The tiger was infected by a zoo employee who was "asymptomatically infected with the virus," according to the Wildlife Conservation Society.

By Claudia Harmata
April 05, 2020
James Devaney/Getty Images

A tiger at the Wildlife Conservation Society’s Bronx Zoo in New York has tested positive for the novel coronavirus (COVID-19).

Nadia, a 4-year-old female Malayan tiger, was tested by the USDA’s National Veterinary Services Laboratory after she — along with six other cats at the zoo — developed a dry cough, the WCS said in a news release. They are all expected to recover.

According to CNN, Nadia is the first known animal to be infected in the United States, as well as the first tiger to test positive.

“Though they have experienced some decrease in appetite, the cats at the Bronx Zoo are otherwise doing well under veterinary care and are bright, alert, and interactive with their keepers,” WCS said. “It is not known how this disease will develop in big cats since different species can react differently to novel infections, but we will continue to monitor them closely and anticipate full recoveries.”

Wildlife Conservation Society

According to the organization, the cats were infected by a zoo employee who was “asymptomatically infected with the virus” while caring for them.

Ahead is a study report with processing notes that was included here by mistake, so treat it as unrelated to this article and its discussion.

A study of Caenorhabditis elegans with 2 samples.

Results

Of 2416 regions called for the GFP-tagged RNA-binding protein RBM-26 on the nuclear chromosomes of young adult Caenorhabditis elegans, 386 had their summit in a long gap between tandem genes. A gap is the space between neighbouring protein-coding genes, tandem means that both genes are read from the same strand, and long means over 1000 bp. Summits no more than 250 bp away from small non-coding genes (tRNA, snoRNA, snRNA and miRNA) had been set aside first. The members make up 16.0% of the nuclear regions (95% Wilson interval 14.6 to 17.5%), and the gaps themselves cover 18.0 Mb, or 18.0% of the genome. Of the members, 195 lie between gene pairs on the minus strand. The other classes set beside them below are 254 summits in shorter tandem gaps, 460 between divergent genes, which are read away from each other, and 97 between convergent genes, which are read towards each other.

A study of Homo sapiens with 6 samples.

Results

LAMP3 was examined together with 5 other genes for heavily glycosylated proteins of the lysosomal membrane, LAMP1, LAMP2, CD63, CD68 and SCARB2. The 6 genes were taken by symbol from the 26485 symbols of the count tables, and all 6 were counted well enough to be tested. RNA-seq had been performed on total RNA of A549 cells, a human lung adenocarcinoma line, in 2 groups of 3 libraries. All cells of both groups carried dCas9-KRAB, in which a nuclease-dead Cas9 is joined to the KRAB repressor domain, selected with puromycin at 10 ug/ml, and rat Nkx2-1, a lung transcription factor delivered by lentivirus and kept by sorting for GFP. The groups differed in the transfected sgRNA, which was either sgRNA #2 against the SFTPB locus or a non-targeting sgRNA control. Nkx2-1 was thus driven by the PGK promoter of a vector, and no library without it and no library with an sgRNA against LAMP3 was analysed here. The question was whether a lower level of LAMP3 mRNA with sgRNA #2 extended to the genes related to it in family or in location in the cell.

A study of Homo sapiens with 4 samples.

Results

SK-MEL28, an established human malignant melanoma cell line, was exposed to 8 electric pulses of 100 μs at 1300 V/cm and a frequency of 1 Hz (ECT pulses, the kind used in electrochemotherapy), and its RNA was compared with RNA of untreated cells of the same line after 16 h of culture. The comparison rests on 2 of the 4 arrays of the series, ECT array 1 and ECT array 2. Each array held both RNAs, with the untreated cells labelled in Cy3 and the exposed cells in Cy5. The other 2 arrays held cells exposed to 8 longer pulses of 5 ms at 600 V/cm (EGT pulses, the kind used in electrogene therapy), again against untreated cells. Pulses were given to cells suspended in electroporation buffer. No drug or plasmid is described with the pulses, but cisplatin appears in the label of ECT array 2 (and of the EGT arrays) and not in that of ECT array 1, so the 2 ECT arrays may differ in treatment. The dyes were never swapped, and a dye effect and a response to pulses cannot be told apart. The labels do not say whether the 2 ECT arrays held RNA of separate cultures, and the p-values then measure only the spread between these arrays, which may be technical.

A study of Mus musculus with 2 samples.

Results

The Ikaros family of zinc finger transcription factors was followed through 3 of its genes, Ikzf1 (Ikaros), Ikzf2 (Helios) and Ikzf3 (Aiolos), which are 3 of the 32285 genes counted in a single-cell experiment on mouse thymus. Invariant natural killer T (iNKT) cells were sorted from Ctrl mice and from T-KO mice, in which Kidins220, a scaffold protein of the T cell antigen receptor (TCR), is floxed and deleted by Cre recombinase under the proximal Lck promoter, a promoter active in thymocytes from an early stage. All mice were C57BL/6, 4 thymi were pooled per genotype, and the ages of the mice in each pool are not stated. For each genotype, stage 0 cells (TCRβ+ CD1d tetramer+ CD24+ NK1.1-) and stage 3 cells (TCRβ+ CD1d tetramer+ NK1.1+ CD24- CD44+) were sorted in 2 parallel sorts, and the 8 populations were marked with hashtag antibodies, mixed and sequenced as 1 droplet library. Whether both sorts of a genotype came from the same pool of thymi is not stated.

“Appropriate preventive measures are now in place for all staff who are caring for them, and the other cats in our four WCS zoos, to prevent further exposure of any other of our zoo cats,” WCS said.

No other animals in the zoo are showing symptoms of the virus, according to WCS. The zoo has been closed to the public since March 16.

“These are extremely hard days for all of us – no matter where we live and work. We will ensure that whatever we can learn from these circumstances will be used to better understand and combat this disease,” zoo director Jim Breheny said in a statement to ABC.

PEOPLE reached out to WCS’ spokespersons, who offered no further comment.

The information in this story is accurate as of press time. However, as the situation surrounding COVID-19 continues to evolve, it's possible that some data have changed since publication. While Health is trying to keep our stories as up-to-date as possible, we also encourage readers to stay informed on news and recommendations for their own communities by using the CDCWHO, and their local public health department as resources.